The dole inspector

[Episode 8 | 1938 : Colum]

The dole inspector is a feared authority in the neighbourhood where Colum and his family live. When the alarm is given that he is on his way, the families hide any evidence of making a living. The dole inspector could enter the homes of people receiving the dole and tell them to leave their house or sell their belongings.


English

The Australian curriculum: English


  • learn to listen to, read, view, speak, write, create and reflect on increasingly complex and sophisticated spoken, written and multimodal texts across a growing range of contexts with accuracy, fluency and purpose
  • appreciate, enjoy and use the English language in all its variations and develop a sense of its richness and power to evoke feelings, convey information, form ideas, facilitate interaction with others, entertain, persuade and argue
  • understand how Standard Australian English works in its spoken and written forms and in combination with non-linguistic forms of communication to create meaning
  • develop interest and skills in inquiring into the aesthetic aspects of texts, and develop an informed appreciation of literature.

English activities [4]

Activity 1: Hardship
Discover
  • Following a screening of the clip, ask the class to list the main events that occur in this story, identifying the key characters and the story focus.
  • Use the following questions as prompts for further class or group discussion:
  1. What are the main difficulties for Colum's family and for his friends?
  2. What is the meaning of the term 'dole'?
  3. Why do you think Colum's family are on the dole?
  4. Why are these families raising chickens and growing vegetables in their backyards? What benefits would this have for them?
  5. What would happen to people on the dole if they were caught raising 'chooks'? Why?
  6. Do you think it is fair to stop a family's dole payments for doing this?

Reflect
  • Ask students to find out what resources are available for unemployed people and families today, for example, Centrelink and unemployment benefits. Compare this with the situation of Colum's family in 1938. Ask students to write a report outlining which system they think is fairer and the reasons why.
  • Discuss ways in which students might be able to help save money or contribute to the household if things were tough for their family. Brainstorm a class list of ideas. Have students write a letter to their family outlining what contributions they could make to help the family in a time of economic need.

Discover
  • Ask students to think about Colum and his family and then write a description of the family using three rich adjectives to create a word picture. Share and compare these descriptions and have students give reasons why they have described the family in this way. Encourage them to use evidence from the clip to support their opinion. Discuss the ways the filmmaker communicates important information about the family and their friends to the audience. Look closely at costumes, actions and the setting.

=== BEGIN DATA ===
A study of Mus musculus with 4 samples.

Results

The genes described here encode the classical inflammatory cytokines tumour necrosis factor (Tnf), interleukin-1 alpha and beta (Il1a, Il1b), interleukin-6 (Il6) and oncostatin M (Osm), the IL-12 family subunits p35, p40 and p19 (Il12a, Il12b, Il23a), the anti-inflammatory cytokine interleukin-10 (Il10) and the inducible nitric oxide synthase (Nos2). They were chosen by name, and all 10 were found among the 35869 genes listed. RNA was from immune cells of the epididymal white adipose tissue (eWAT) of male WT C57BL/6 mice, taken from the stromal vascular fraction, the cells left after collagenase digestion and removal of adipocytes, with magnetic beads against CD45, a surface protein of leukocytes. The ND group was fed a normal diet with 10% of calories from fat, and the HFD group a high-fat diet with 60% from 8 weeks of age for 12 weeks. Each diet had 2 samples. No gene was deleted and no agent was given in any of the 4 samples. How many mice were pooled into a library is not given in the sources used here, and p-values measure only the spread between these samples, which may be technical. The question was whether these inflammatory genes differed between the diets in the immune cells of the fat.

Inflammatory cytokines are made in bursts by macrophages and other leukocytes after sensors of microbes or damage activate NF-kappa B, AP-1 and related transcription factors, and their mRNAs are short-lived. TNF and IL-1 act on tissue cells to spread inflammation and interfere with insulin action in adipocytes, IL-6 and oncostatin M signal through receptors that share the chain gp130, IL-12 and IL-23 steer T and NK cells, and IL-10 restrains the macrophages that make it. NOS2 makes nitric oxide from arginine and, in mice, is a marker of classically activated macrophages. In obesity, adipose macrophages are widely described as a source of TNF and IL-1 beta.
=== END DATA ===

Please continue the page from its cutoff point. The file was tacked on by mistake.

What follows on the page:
• Discuss how Colum's family works together in this time of hardship, identifying specific examples in the clip. Introduce the old saying that 'blood is thicker than water' and discuss what this might mean, and what it means in this context.

Reflect
  • Students work in small groups to build up a richer picture of the family and their situation from all the information collected. Students can write a short story about what happened to Colum and his family before this situation, and how hardship has brought them together.

Discover
  • As a class, discuss the role of the dole inspector. Ask students to focus on this character very carefully, taking notes and collecting as much information about him as possible from what is shown and heard in the clip. Looks at how he dresses, how he acts and how he speaks. Have students compare notes and then individually write a detailed description of the dole inspector from the information they have collected.
  • As a class, briefly discuss these responses and have students give reasons why they think the dole inspector is doing this job. Part of the discussion may focus on the fact that his job may be all that stands between the dole inspector and being unemployed and on the dole, like Colum's family.

Reflect
  • Ask students to create a webpage for the dole inspector. Ask them to imagine that he is alive today and needs a Facebook page to connect with other dole inspectors across the country. Alternatively, design an advertisement asking people to apply of the job of a dole inspector.

Discover
  • The Australian language is notorious for using rhyming slang to evoke a more colourful and humorous connection to the meaning of a word or phrase. As an example, Colum's family call the dole inspector, Mr Geraghty, 'Mr Blake', which is a play on words for 'Joe Blake' or 'snake'. Discuss why Colum's family would imply he was a 'snake'.
  • Discuss the tradition of rhyming slang, one that is still embedded in Australian culture, and ask students to find out more about it. Where did rhyming slang originate? Ask students to find other phrases such as 'China plate' (mate), 'meat pies' (eyes).

Reflect
  • Ask students to find at least five different examples of rhyming slang that they can contribute to a class list. Identify key features of rhyming slang to create a guide for making up new rhyming slang. Ask students to use this as a model to write their own rhyming slang for a selection of terms commonly used today. Ask students to develop two new rhyming slang expressions and illustrate them with words and pictures.